24 September 2007

Iconograhy: Mudra and Dharani

Mudra and dharani are presentations fundamental to esoteric Buddhism—Shingon in Japan, and the Vajrayana of Tibet and Mongolia. Both are present in exoteric paths of Buddhism as well, though they usually function in supportive roles. A mudra is a "seal," authenticating and personalizing an aspect of realization and its dharma. E. Dale Saunders, in his seminal study Mudra, traces its beginnings back to the dramatic gestures of earliest dance. Hindu and then Buddhist iconography reflect its adoption in the hand positions and postures found in archetypal sculpture. In Shingon Buddhism, and in its antecedents in Vajrayana, the mudra itself is the practice, with directories listing as many as 295 positions, in two main categories, those presenting aspects of the kongokai(Ch. chin-kang-chiai, Skt. Vajradhatu), the diamond realm of enlightenment, and taizokai (Ch. t'ai-ts-ang-chai, Skt. garbhadhatu), the womb or matrix realm of fundamental wisdom, from which the kongokai arises. 48

The Gassho-in (Ch. ho-chang-yin, Skt. anjali mudra), hands held up palm to palm, is a universal Buddhist gesture of accord, veneration, and respect, and is found across the spectrum of world religions. In Christianity, the sign of the cross could be considered a mudra, as well as the ritualized gestures of the priest during mass.


The hand position in zazen, the join (Ch. ting-yin, Skt. dhyana mudra), with the right hand over the left (sometimes reversed) and the thumbs touching, forms the "mystic triangle" that is found in earliest Indian Buddhist sculpture. Postures, or asana(J. za, Ch. tso), are bodily mudra, so to speak. The figure of the Buddha in meditation might first come to mind. With hands in join, the Zen student presents the Buddha himself or herself beneath the Bodhi tree. There are a large number of other postures in Zen and other Buddhist traditions, with leg and hand positions defining the variations. 49

Saunders does not include bows among mudra, but surely the standing bow and the prostration fit the category. Raihai (Ch. li-pai, Skt. namas-kara), the bow to the floor, is found throughout Buddhism, in Christian ordination, and in other world religions, with variations in leg positions and hand placement. Christian genuflection is a kind of abbreviated prostration.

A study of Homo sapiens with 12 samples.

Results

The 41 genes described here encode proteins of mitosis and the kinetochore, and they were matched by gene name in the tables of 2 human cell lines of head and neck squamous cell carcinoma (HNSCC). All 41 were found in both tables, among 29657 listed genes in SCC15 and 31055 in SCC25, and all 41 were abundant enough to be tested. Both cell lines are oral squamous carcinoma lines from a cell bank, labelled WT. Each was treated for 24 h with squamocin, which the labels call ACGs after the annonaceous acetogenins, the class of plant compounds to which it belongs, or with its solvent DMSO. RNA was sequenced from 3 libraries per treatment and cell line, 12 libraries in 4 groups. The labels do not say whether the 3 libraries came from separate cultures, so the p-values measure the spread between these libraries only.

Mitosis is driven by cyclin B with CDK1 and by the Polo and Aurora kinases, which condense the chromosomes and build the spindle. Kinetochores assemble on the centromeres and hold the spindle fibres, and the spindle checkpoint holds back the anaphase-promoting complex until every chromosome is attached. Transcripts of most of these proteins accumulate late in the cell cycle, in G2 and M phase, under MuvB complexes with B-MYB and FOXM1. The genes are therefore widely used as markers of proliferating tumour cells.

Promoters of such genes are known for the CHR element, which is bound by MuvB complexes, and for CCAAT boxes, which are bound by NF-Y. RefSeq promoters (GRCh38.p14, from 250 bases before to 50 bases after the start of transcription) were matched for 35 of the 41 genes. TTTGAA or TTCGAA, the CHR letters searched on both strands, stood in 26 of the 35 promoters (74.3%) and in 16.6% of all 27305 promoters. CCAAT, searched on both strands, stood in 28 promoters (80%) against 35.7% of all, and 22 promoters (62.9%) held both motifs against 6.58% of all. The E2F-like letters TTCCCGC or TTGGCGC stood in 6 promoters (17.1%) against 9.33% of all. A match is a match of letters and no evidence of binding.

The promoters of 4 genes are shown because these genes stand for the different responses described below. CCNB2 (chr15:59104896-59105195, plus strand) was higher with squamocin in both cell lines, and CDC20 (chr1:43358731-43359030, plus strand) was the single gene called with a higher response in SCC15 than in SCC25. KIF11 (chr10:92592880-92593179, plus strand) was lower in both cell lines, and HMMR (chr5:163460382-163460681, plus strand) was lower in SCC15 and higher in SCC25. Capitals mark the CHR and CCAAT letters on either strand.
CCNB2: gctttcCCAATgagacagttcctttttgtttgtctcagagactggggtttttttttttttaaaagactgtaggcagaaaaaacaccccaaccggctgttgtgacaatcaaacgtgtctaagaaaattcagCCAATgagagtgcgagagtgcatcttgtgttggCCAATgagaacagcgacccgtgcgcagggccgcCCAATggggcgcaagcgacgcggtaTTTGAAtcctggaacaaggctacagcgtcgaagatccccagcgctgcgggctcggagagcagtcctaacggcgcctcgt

The Zen student is taught that in raihai one throws everything away. Pivoting the forearms on the elbows and raising the hands while prostrated is the act of raising the Buddha's feet above one's head. The dharani is the verbal seal of a rite, again found as a central practice in Shingon and Vajrayana, but also a seal of a sutra or a series of sutras in Zen and other Mahayana traditions. The briefer mantra, not distinguished from the dharaniin Far Eastern etymology, can also be a seal, or it may stand alone as a sacred formula. The Nembutsu, the Daimoku,the supplication to Kanzeon, and the call of monks on takuhatsucan be considered mantra. Like other dharani and some mantra, the closing words of the Heart Sutra are mostly bastard Sanskrit that nobody translates satisfactorily, in this case a kind of "Ode to Joy." Here is the Sino-Japanese, spaced to the beat of the sutra:
Gya te gya te, pa ra gya te, para so gya te bo ji sowa ka, han nya shin gyo. 50
It is interesting that the Heart Sutra refers to itself as a dharani or mantra, recalling the identity of wisdom and words emphasized by Dogen Kigen and Meister Eckhart alike. 51 The Zen sutra service in the West has inherited dharani from Japan, including the "Shosai Myo Kichijo Darani," a short ode to Kichijo-ten (Skt. Lakshmi), incarnation of good fortune and merit. This is traditionally recited three times following the Heart Sutra "to remove disasters." Another, the "Daihi Shin Darani," dedicated to Kanzeon, the incarnation of mercy, is longer and is recited seven times. Like the "ode to joy" at the end of the Heart Sutra, these dharani are rationally almost meaningless incantations, and D. T. Suzuki's efforts to translate them, he admits, are problematic. 52 Nonetheless, they are meaningful to those who gather to recite them, simply, it seems, by the chanting itself.

I feel that Gregorian chants, though straightforward in meaning, have something of dharani quality, and perhaps this was sensed by my teacher Nakagawa Soen Roshi, who spent many hours listening to them on recordings, though he had no understanding of the language.


The short Enmei Jikku Kannon Gyo, (Ten-Verse Kannon Sutra of Timeless Life), though readily translatable, also has a dharani-like quality. 53 In early Diamond Sangha days I offered a translation for recitation in lieu of the Sino-Japanese original, and it was shouted down after a trial of only a few days. There was just too much enchantment (sorry!) in the old rhythms.

Notes:
48. E. Dale Saunders, Mudra: A Study of Symbolic Gestures in Japanese Buddhist Sculpture(Princeton, N.J.: Princeton University Press, 1985), pp. 3, 11-12.
49. Ibid., pp. 121-131.
50. Aitken, Encouraging Words, p. 175.
51. Donald Lopez Jr., The Heart Sutra Explained: Indian and Tibetan Commentaries (Albany: State University of New York, 1988), p. 125; Dogen Kigen, Shobogenzo: Mitsugo, cited by Hee-Jin Kim, Dogen Kigen: Mystical Realist(Tucson: University of Arizona, 1987), p. 78; Eckhart, "A Flowing Out but Returning Within." Fox, Breakthrough, pp. 65-69.
52. Suzuki, Manual of Zen Buddhism, p. 12.
53. Aitken, Encouraging Words, p. 178.